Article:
We often talk about laughing at our troubles; Laura Malloy actually teaches people how.
Last week, leading a group of high school students, Malloy told them to think about all the homework they had, the social problems they faced, and the pressures they were under. She had them hang their heads.
Then, she told them to throw their arms skyward and laugh.
The fact that it was fake didn’t matter. Just the mere act of laughing “begins to change our perceptions of our stressors,” said Malloy, director of yoga at the Benson-Henry Institute for Mind Body Medicine at Massachusetts General Hospital.
Where the body goes, the mind follows. A small series of studies has shown that people who got Botox injections in their foreheads, making them unable to frown, reported feeling happier — and not just because they had fewer wrinkles.
Despite the assumption since biblical times of a link between laughter and health, the research is pretty thin, although some studies have suggested that laughter reduces pain and stress, improves blood sugar control and immune function, and reduces the risk of heart attack.
One 2013 killjoy review catalogued a few possible downsides to side-splitting laughter: leaking urine, triggering an asthma attack, or spewing contagious germs — against which the authors recommend “laughing up your sleeve.”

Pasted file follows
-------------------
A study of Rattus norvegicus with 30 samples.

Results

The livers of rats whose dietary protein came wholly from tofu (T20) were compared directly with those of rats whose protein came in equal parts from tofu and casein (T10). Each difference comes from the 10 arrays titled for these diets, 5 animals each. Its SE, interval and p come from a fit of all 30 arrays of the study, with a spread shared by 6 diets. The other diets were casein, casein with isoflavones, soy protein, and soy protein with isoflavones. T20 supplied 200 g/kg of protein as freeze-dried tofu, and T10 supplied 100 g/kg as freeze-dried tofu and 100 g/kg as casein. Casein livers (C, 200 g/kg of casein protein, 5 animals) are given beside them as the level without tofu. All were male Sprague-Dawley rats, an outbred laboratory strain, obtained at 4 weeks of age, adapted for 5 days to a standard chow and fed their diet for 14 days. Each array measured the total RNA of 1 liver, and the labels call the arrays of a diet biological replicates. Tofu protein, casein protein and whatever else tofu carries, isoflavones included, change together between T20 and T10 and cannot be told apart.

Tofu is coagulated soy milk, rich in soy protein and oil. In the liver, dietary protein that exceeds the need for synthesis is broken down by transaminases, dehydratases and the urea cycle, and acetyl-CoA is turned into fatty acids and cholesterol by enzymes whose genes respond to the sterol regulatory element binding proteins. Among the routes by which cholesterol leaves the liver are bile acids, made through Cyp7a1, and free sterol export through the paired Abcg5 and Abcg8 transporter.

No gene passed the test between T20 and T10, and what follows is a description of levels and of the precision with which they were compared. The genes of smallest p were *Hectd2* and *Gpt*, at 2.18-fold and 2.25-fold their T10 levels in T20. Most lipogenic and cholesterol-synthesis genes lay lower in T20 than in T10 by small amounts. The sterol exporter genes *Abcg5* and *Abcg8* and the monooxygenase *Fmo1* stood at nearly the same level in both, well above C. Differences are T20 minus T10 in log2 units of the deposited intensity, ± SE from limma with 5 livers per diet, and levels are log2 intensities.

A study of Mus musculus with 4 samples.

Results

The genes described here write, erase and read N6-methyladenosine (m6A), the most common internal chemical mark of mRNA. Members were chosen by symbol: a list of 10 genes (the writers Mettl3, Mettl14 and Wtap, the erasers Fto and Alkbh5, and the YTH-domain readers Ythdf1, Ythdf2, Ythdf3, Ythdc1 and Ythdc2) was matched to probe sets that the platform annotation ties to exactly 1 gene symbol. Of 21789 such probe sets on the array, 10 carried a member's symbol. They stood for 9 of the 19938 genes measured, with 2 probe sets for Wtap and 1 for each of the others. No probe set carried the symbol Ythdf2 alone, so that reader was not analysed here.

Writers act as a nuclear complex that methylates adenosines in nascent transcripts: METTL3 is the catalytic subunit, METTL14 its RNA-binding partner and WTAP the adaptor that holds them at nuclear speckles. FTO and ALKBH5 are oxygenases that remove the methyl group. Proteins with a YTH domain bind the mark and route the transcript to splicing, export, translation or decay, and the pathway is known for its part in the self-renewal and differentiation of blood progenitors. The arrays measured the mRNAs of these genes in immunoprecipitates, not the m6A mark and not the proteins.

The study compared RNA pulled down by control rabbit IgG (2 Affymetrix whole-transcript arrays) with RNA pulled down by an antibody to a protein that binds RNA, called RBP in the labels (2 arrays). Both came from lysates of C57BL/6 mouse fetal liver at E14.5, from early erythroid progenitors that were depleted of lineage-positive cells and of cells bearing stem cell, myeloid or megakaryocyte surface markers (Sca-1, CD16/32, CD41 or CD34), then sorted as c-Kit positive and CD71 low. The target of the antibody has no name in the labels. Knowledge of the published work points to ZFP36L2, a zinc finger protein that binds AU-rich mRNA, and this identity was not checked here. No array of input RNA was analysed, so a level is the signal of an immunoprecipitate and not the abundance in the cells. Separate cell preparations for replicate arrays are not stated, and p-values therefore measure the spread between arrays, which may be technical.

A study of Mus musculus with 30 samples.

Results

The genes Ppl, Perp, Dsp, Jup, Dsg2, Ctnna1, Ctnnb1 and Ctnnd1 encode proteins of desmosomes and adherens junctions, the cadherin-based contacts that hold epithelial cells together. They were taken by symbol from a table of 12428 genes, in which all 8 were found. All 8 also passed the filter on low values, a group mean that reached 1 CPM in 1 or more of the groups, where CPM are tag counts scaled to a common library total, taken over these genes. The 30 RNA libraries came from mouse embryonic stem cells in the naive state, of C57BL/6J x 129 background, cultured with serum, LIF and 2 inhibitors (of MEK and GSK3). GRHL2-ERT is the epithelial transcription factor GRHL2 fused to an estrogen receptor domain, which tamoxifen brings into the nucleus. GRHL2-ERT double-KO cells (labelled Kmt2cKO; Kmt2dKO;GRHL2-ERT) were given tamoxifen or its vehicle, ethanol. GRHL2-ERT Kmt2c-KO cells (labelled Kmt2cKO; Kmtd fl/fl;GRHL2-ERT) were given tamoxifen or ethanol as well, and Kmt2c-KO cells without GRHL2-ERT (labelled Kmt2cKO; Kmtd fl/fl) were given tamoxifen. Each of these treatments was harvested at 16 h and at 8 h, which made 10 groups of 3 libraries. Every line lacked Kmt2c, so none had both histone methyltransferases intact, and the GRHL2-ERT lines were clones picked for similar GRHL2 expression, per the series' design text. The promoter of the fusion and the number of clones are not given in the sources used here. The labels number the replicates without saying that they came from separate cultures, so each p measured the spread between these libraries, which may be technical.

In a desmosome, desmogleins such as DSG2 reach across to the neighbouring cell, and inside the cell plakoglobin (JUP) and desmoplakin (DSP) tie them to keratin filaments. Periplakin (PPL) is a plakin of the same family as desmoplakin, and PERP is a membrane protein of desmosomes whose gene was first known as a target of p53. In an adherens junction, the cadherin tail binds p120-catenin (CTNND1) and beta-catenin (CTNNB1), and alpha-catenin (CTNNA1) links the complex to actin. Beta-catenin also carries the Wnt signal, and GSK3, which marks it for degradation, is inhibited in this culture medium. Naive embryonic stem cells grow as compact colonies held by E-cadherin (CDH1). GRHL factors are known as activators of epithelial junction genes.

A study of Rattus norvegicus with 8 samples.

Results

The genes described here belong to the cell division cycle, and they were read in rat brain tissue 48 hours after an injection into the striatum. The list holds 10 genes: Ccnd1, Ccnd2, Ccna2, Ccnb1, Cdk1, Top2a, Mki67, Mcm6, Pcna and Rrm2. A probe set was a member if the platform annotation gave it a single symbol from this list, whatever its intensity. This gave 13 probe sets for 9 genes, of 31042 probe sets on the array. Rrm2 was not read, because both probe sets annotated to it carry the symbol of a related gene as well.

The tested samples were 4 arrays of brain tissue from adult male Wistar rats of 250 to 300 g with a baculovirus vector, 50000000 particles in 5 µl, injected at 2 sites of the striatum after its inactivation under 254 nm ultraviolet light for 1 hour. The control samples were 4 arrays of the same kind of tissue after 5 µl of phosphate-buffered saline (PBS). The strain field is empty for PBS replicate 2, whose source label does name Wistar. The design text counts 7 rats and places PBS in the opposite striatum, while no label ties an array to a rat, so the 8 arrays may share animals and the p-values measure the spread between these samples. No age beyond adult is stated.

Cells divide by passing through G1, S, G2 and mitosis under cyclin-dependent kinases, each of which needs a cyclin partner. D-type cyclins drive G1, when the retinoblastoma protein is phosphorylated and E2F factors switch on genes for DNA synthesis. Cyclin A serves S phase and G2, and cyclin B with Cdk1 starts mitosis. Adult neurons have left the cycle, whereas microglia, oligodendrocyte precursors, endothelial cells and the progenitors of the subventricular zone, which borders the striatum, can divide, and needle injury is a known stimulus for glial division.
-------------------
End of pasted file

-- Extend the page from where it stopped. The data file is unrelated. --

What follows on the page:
Laughing does seem to have benefits at work, according to one 2007 study, which looked at a group of workers who laughed together for 15 minutes a day. At the end of the two-week research period, the laughers felt more positive and more powerful.
Experts in humor therapy say there are few rules except this one: Don’t try to laugh by putting someone else down. That kind of negative humor is likely to bring you down instead of up.
Laughter, like yawning, is contagious. It’s tough to keep a straight face in a room full of giggling people. This is why Malloy always encourages her Laughter Yoga students at the Benson-Henry Institute, which was established in 2006 with the support of Globe owner John Henry, to make eye contact with others while they laugh — it’s self-reinforcing.
Amit Sood, a professor of medicine at the Mayo Clinic, agrees that such laughter can feel shallow. “The honest, true laughter is spontaneous.”
If you really want relaxation laughter, Sood, who specializes in stress reduction, says you should surround yourself with people you love and trust, and be happy with yourself.
“That is what will have an impact,” he said.
Karen Weintraub can be reached at firstname.lastname@example.org.